MANILA: The Philippines is turning to high-tech defense systems including facial-recognition software and bigger drones to combat terrorism.
Defense Secretary Delfin Lorenzana has revealed government plans to boost the country’s technological capabilities as part of counterterrorism efforts.
“We are looking at facial-recognition software so that we can easily track down the bad guys,” Lorenzana said in an interview on Tuesday.
The Philippines army has bought ScanEagle drones from the US for use in low-altitude surveillance. US forces stationed in Mindanao are also using small drones with powerful signaling capabilities, he said.
“When our order for bigger drones arrives, it will improve our intelligence capabilities,” he said.
Lorenzana said extremists were also using sophisticated technologies to spread propaganda and gain an advantage in clashes with government forces.
The defense chief said that during the five-month battle in Marawi last year, militants had used drones, which were shot down by Philippine troops.
Terrorists were using technology for recruitment, to plan their movements and to send money.
“During the Marawi siege, my people recommended that we shut down the Internet there because the Mautes inside were sending pictures and messages outside,” he said, referring to the Daesh-inspired group that staged the attack.
Lorenzana agreed that intelligence capabilities “are only as good as the people who manage them and who interpret the data.
“We still need human intelligence, people who go down and see things on the ground with their own eyes and feel what’s happening on the ground so they can report to headquarters,” he said.
The interview with Lorenzana took place in Singapore on the sidelines of the 17th Shangri-La Dialogue, Asia’s leading defense summit.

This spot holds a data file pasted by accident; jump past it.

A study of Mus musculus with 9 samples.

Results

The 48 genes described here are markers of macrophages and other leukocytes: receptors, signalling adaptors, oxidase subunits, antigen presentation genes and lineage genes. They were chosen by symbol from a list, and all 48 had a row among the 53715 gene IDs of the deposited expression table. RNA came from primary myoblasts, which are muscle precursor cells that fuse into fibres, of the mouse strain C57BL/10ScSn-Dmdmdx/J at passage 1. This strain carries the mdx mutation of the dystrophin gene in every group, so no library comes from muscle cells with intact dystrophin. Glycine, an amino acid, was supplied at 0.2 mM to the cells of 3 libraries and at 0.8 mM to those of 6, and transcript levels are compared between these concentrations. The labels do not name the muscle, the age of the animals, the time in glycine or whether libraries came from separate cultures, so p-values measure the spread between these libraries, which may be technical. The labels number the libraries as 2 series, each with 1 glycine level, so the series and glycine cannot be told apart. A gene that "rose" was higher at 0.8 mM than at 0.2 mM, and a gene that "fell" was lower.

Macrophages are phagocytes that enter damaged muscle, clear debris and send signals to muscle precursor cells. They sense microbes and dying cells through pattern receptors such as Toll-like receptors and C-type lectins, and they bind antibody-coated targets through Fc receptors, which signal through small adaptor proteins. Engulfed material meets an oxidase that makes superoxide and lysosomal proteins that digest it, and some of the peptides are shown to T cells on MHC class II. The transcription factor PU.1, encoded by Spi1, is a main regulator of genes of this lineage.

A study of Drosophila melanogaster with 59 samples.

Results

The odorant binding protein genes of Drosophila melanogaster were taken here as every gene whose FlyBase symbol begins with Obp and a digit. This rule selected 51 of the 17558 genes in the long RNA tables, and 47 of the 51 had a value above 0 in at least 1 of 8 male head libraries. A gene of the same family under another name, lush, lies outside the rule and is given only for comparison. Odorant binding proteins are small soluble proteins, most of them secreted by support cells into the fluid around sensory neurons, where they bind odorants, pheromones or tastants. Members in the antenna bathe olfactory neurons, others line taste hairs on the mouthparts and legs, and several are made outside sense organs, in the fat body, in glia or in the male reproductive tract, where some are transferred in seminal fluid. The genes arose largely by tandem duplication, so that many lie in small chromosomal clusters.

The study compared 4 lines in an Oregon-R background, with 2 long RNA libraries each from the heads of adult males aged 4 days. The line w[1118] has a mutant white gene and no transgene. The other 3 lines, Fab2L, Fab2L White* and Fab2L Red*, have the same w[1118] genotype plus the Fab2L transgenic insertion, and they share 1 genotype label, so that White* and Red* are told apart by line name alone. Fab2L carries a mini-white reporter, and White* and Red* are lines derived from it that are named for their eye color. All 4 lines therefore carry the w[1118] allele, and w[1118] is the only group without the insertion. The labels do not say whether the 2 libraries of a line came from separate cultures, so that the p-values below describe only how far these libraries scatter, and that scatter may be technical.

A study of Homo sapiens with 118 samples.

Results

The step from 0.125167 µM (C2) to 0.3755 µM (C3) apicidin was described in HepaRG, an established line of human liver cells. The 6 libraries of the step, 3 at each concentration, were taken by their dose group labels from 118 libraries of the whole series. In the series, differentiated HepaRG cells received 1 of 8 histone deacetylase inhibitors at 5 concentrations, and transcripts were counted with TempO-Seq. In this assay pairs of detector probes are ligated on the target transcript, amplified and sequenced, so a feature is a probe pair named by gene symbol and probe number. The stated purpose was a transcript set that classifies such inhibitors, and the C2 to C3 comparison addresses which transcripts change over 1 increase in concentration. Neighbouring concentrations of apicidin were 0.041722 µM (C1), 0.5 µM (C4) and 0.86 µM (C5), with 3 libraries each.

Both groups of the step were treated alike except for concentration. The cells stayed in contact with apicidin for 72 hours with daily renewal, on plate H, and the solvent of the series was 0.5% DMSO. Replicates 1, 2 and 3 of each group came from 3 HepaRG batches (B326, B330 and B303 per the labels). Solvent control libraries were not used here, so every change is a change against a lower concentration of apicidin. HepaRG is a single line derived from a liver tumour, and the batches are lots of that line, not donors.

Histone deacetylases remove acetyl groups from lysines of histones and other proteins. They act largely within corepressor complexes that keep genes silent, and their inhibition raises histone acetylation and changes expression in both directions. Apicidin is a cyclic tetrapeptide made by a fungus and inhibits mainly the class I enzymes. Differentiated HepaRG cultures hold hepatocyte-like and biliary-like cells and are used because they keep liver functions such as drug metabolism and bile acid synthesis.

International security consultant Stephen Cutler praised the Philippine defense department’s plan to upgrade its tech capabilities.
Facial-recognition systems were being used in other countries and were highly effective, he said.
“Say they get pictures of these (militants) with Daesh flags. Even if they’re wearing a bandana across their nose and lower face, facial recognition could theoretically allow us (to identify them). If those guys have already been arrested, we could run a still photo of that camp in the picture (or video) and figure out who’s in the camp.”
Cutler was chief of the Federal Bureau of Investigation operations in the Philippines for five years before retiring after a 22-year career in FBI.
He warned that the government had to establish trust among people that its technology was not being abused.
“That would demand strong adherence to data privacy law. It will demand proven ethical behavior on the part of the government.
“This is an argument that has gone on in every nation around the world that is using this (technology),” he said.